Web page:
Acquisition Due Diligence Must Be Practical Yet Effective

If you've been following along with our articles here, you'll know that the importance of acquisition due diligence has been a recurring theme in our discussions. That's because our experience informs our musings. And we've found that reasonably thorough, well-considered, carefully focused, and targeted acquisition due diligence is well worth the money it requires. Why can we say this? Well, because if due diligence is done as it should be, it heads off disappointments and issues post closing. 

When speaking with current or potential clients, there's a classic analogy we use to communicate the importance of due diligence. This is a situation we can probably all relate to - buying a used car. You wouldn't sign on the dotted line before having your trusted mechanic give the car you're considering buying a onceover. Now why's that? It's because you trust their expertise and hold them to be trustworthy in general. 

You know that if your mechanic notices something wrong or even the potential for future issues, they will let you know without hesitation. That way, you have an informed opinion and you also have options. If the used car turns out to be a lemon, you can quite simply back out of the deal. On the other hand, if the used car is in reasonably good condition, you can proceed to buy it with confidence. Your goal is to ensure that the car is safe and won't pose any major issues, not that it's the picture of perfection - it's a used car after all.

But what if the car comes with a warranty? Is it still recommended to get it checked out before buying? We will always say yes. Because even if the car will come with a warranty, who really wants to make claims under the warranty if they can avoid it? No one wants that hassle. 

The same is true when buying a business. Acquisition due diligence will help to establish that the prospect is in good condition and that there aren't glaring issues that will be hard to resolve, not that it's perfect in any way. And even though you are getting full benefit of the warranties and indemnifications of a well-crafted purchase agreement, at the end of the day no one wants to be tasked with making post-closing claims against the seller if they can avoid it. We're talking about a whole lot of hassle, including the inevitable deductibles and other headaches.

Experience-Based Advice

At Calkins Law Firm our business law attorneys have assisted buyers with hundreds of acquisitions over the past several decades. While we don't make a practice of tracking acquisitions after closing, we are aware of some of the results. And we can honestly say that we're only familiar with a handful of situations in which the buyer struggled post closing. 

In these cases, buyers felt that they had valid claims on the representations and warranties insurance, a policy used to protect against losses arising from a seller's misrepresentation. Whether the alleged breach is of representation or warranty, the buyer is looking for compensation. The overall situation is stressful, disappointing, and a major headache for all parties involved. But the saddest truth is that in most if not all of these situations, we feel that had the buyer opted for reasonably thorough due diligence, they could have avoided post-closing claims and the associated struggles.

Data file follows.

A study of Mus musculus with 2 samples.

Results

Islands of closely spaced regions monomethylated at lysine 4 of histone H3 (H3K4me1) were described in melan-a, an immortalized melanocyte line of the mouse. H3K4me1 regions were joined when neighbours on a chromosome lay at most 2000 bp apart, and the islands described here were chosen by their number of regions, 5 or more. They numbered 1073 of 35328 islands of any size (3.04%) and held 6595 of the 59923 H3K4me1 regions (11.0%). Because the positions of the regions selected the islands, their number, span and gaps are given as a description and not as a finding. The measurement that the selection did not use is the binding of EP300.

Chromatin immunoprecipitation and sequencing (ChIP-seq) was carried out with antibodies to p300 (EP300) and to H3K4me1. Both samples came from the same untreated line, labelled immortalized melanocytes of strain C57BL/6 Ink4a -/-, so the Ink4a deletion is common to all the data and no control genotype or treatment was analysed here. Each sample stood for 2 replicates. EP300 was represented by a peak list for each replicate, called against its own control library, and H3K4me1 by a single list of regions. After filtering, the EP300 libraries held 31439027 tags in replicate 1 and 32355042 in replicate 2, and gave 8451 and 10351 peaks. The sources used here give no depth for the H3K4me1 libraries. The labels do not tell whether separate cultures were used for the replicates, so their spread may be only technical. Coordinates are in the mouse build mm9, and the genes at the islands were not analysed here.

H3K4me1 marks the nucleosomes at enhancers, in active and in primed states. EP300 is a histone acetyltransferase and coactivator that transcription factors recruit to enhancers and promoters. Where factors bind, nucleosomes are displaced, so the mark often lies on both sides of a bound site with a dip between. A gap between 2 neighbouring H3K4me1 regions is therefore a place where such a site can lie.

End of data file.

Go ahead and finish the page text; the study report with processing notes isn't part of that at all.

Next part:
And so it is with this real-life experience backing us that we recommend all business buyers conduct the necessary due diligence on any acquisition target well before closing. This is true regardless of how strong the representations and warranties insurance and indemnification prospects in the purchase agreement may be. At the same time though, one thing we don't recommend is being over-cautious or throwing excess amounts of cash at due diligence efforts. As with everything in life and law, balance is key. 

We have been involved with transactions recently where the buyers reportedly spent over $1 million on acquisition due diligence alone, and where the parties also took out representations and warranties insurance. From our experience, if a buyer does targeted due diligence prior to closing, claims for breach of representation and warranty and for indemnification are few and far between. With that knowledge in hand, we sometimes scratch our heads and wonder whether spending vast sums of money on acquisition due diligence and related insurance is necessary. Could it be overkill? 

In the end, the simple truth could be that it's easier to exhaustively probe everything about an acquisition target than it is to strategically focus on what really matters. Yet that's what we do for our clients, every day.

Real-Life Legal Expertise

At Calkins Law Firm we are proud to offer our clients consistently high-quality, in-depth service. We'll also be happy to share plenty of advice and suggestions, based on experience and know-how. Regardless of company or transaction size, our team is always ready to tackle your requests with a practical eye and an efficient approach. If you want to work with a legal team that understands what's at stake in any transaction and is ready to advise with an eye on value, look no further. Reach out today to learn more about us and the legal help we offer.


Benjamin Calkins

Ben Calkins is a well-educated, top-rated, and highly experienced business law attorney.

Ben Calkins is an honors graduate of Harvard College and the University of Michigan Law School. After law school, he clerked for a Federal Judge before joining one of the World’s largest law firms, Squire, Sanders & Dempsey. Mr. Calkins has also worked at, and been a partner in, several of the most prominent “old style law firms” in the World.